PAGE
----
Investigation contradicts claims by government officials that human contribution to global warming is uncertain
Average U.S. temperatures have risen dramatically and fast, with recent decades the warmest of the past 1,500 years, according to a draft federal government report cited by The New York Times on Tuesday.
“Americans are feeling the effects of climate change right now,” said the report by 13 federal agencies not yet released or approved by President Donald Trump’s administration. The report “directly contradicts claims by President Trump and members of his cabinet who say that the human contribution to climate change is uncertain and that the ability to predict the effects is limited,” the Times said.
The draft report, part of the United States National Climate Assessment, is done every four years. It has been signed by the National Academy of Sciences. “How much more the climate will change depends on future emissions and the sensitivity of the climate system to those emissions,” the draft report states in the Times article.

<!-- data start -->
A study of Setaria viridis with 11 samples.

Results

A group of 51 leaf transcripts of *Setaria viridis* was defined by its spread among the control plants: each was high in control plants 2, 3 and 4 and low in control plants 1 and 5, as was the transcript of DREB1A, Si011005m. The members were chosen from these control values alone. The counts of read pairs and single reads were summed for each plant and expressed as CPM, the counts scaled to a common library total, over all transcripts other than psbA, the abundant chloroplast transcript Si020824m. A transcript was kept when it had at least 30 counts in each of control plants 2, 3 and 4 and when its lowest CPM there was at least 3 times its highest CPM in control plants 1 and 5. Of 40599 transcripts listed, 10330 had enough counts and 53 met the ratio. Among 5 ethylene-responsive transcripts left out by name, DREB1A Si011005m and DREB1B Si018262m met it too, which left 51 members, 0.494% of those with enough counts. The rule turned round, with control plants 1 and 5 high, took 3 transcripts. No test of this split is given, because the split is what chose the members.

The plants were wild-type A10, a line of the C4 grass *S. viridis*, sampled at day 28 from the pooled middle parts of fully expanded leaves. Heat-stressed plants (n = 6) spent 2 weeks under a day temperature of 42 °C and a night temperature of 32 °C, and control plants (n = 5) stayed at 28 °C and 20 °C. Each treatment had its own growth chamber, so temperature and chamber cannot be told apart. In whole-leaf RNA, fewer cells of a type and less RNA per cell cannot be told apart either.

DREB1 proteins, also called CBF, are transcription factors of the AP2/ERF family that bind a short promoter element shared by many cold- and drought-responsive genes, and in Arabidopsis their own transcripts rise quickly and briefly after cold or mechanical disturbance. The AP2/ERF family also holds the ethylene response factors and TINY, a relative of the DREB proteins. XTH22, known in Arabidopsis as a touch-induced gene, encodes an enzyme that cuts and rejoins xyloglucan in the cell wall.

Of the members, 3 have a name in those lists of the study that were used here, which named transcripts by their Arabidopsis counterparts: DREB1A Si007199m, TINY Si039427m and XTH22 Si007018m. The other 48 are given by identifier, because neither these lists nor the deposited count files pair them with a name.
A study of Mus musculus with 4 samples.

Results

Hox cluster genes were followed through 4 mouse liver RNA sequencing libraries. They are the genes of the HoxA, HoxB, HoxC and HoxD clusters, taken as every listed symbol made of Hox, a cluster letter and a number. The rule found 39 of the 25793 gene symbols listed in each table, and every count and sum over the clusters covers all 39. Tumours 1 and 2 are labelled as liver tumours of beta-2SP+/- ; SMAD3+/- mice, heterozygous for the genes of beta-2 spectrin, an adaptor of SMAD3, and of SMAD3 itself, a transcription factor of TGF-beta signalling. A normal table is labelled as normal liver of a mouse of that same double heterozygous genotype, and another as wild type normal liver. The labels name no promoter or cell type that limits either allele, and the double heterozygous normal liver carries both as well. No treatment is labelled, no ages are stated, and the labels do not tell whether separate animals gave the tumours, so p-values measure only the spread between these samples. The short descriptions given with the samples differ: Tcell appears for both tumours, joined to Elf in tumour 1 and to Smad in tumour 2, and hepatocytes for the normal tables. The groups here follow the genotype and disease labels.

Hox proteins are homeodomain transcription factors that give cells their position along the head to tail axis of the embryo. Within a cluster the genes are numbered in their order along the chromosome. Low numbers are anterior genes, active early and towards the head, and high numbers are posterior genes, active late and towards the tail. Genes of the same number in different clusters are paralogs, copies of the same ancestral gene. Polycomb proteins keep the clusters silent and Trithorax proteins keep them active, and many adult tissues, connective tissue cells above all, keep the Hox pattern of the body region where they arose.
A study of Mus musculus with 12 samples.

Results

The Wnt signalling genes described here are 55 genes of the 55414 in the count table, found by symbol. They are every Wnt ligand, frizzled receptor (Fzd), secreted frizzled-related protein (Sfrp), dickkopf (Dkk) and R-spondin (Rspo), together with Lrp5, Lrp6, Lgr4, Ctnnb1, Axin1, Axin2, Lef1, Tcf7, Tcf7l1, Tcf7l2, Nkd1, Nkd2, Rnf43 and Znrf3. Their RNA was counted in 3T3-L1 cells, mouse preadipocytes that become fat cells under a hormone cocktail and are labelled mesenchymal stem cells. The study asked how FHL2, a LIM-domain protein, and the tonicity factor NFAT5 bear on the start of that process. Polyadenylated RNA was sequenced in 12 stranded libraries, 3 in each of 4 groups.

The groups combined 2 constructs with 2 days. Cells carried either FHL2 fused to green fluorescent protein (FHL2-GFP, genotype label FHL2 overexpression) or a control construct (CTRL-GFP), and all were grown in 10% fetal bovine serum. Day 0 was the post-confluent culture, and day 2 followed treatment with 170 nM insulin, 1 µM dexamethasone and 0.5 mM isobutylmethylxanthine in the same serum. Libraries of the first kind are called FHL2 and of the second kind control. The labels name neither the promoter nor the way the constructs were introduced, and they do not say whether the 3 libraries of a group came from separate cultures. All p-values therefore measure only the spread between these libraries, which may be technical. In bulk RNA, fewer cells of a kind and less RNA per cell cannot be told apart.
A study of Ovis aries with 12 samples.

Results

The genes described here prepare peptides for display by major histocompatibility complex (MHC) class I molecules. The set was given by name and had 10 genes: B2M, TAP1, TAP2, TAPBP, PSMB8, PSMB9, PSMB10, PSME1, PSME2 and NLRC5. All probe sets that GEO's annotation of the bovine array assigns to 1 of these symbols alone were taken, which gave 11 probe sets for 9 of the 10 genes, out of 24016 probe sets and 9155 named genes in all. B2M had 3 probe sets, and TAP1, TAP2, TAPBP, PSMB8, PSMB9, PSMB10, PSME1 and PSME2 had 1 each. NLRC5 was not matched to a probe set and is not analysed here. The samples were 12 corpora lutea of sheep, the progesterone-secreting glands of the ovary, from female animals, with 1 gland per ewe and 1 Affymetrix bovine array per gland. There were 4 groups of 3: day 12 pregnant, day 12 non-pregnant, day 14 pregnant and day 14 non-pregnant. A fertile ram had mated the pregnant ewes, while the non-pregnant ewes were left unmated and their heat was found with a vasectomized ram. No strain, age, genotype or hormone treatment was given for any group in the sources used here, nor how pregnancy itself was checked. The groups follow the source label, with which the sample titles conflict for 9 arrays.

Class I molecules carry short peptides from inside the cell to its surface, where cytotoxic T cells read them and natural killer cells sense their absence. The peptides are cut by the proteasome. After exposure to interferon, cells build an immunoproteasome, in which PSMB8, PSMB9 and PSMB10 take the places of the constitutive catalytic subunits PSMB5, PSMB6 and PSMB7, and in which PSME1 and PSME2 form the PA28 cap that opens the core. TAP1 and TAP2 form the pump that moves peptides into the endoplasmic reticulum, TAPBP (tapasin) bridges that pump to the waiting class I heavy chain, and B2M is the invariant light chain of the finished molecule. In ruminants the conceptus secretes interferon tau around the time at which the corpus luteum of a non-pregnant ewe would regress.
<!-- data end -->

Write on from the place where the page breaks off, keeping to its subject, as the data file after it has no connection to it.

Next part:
The United States just announced on Friday it would still take part in international climate change negotiations in order to protect its interests, despite its planned withdrawal from the Paris accord on global warming. Two months after Trump announced the United States would abandon the 2015 global pact, his administration confirmed it had informed the United Nations of its “intent to withdraw from the Paris Agreement”—a process that will take at least until 2020.
The United States is the world’s second biggest producer of greenhouse gases after China and its withdrawal was a seen as a body blow to the Paris agreement. The accord commits signatories to efforts to reduce greenhouse gas emissions that cause global warming, which is blamed for melting ice caps and glaciers, rising sea levels and more violent weather events. They vowed steps to keep the worldwide rise in temperatures “well below” two degrees Celsius from pre-industrial times and to “pursue efforts” to hold the increase under 1.5 degrees Celsius.